The Veterans Affairs Disability and Compensation system can be difficult to navigate, especially if your injuries were close to your end of active duty service. To cut costs and ensure that only qualified disabilities are receiving compensation, your documentation must prove that your injuries happened during or as a result of military service. If you've been denied, don't quit; appeal the decision and find out what information you may be missing with a few documentation and fact-finding techniques.
Why Do Denials Happen To Injured People?
When you're injured in the military, there's a lot more involved than visiting medical. Your medical record should hold information on the injury and the severity of the damage. For some veterans, the injury may be considered temporary and recoverable. Unfortunately, old injuries can resurface with new complications after you leave the military.
The military has a culture of working through adversity. While there are many level-headed service-members who are more understanding about needing medical attention and rest, many service-members find themselves ignoring slight pains and working through their duty quite successfully.
Combined with the stress of service, lacking a full recovery and the different work environments in the civilian world, many veterans find themselves injured and unable to keep up with the change of pace. Unfortunately, if your past broken leg, bullet wound or concussion was written off as a small problem, you may see a denial on your compensation and pension paperwork.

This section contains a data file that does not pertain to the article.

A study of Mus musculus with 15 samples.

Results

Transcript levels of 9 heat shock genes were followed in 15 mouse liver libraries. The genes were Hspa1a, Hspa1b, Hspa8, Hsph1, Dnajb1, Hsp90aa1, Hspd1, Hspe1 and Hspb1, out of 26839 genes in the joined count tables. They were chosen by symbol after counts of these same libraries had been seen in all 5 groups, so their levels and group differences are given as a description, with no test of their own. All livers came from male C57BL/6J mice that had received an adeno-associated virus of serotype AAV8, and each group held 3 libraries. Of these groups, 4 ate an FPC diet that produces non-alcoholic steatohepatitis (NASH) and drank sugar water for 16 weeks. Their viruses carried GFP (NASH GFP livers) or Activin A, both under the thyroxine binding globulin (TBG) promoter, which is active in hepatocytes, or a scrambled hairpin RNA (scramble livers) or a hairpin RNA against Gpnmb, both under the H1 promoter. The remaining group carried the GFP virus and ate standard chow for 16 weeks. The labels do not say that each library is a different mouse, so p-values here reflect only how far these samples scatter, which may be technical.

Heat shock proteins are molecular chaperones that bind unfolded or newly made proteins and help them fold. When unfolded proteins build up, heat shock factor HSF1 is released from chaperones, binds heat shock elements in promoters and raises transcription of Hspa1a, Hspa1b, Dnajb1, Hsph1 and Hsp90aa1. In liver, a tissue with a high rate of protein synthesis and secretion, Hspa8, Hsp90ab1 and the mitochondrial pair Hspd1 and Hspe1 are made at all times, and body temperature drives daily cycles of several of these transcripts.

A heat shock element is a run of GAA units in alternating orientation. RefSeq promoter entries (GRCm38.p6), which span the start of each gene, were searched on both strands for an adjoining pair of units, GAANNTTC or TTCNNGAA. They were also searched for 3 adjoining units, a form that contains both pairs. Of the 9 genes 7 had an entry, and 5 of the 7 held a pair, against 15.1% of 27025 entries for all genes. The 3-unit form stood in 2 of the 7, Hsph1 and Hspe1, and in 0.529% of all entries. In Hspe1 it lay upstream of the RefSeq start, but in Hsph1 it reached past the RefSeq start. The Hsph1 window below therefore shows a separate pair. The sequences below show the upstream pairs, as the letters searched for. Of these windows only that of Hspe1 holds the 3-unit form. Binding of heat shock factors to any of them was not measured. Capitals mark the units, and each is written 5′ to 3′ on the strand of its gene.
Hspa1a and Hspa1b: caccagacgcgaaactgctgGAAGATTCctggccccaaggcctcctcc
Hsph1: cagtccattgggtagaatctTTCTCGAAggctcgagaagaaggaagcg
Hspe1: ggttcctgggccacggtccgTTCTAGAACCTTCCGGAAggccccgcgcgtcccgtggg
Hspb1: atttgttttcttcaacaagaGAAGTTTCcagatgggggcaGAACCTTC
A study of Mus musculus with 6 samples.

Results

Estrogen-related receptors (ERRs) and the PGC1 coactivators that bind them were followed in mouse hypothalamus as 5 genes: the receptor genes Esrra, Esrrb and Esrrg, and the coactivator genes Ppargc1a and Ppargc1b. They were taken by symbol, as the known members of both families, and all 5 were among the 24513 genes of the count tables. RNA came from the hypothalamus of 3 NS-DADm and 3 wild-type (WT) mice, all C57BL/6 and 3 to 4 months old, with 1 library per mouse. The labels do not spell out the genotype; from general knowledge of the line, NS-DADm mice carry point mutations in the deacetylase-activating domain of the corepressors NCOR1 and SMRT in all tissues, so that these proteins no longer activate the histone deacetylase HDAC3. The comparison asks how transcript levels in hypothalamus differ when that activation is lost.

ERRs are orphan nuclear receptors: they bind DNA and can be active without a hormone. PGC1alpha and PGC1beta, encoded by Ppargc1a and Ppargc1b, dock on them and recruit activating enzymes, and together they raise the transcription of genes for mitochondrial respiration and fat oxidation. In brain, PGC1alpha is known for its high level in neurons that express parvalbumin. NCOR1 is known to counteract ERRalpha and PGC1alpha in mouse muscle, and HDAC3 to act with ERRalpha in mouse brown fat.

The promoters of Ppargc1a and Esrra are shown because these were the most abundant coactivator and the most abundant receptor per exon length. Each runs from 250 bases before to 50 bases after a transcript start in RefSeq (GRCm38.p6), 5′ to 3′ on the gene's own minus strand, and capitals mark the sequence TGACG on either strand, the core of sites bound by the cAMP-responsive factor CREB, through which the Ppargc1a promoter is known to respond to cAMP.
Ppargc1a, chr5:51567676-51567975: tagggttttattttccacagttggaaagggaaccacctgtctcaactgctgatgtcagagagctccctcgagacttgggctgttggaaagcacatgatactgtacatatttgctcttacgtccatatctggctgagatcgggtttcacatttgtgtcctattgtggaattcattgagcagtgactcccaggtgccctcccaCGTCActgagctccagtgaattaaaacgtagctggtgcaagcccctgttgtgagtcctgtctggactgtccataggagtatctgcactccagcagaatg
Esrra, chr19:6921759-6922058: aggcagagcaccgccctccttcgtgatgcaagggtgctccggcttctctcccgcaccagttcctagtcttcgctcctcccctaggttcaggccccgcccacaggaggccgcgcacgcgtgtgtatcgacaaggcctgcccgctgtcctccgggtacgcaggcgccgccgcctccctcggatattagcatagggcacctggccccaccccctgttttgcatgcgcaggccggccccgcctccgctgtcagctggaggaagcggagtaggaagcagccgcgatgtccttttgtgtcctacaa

You may not have used clear and concise language about your current problems. With such a large volume of backlogged applications and appeals, a claims analyst isn't likely to see the problem unless you clearly say, "This problem is linked to the injury on this date, as listed in this part of the medical record."
Creating An Injury Map With Records
If you weren't given a medical discharge, you'll need to have the documentation to support every injury with dates included. To do this, you may need to fill in a few gaps.
For your specific injury, try to remember any past events that could have caused it. Look for falls, combat wounds, accidents at work or training mishaps. You may have to venture outside of your medical record and search for service record entries or even get testimony from others involved in the incident.
Time is of the essence when it comes to making such claims. If you're filing a claim years after active duty service, it's easy to say that you could have been injured as a civilian. Even if you don't have all of the evidence when leaving the military, put in an immediate claim to show that you're currently having problems.
A denial is fine at this point, as the Department of Veterans Affairs understands that not all new veterans have a deep understanding of the situation. For help with appeals and understanding the reasons behind your denial, get help from a personal injury lawyer, like those at Rosato Law Offices.
If you are unable to work because of an illness or injury, you may qualify for social security disability payments. This money comes from a fund you have probably contributed to during your time in the work force, and it is likely that you have the right to disability payments using this money. As an attorney specializing in social security disability, I have a great deal of experience in helping clients determine if they qualify for disability payments. I hope that this blog will help people who have been injured understand what it means to qualify for social security disability benefits and how to go about getting that help.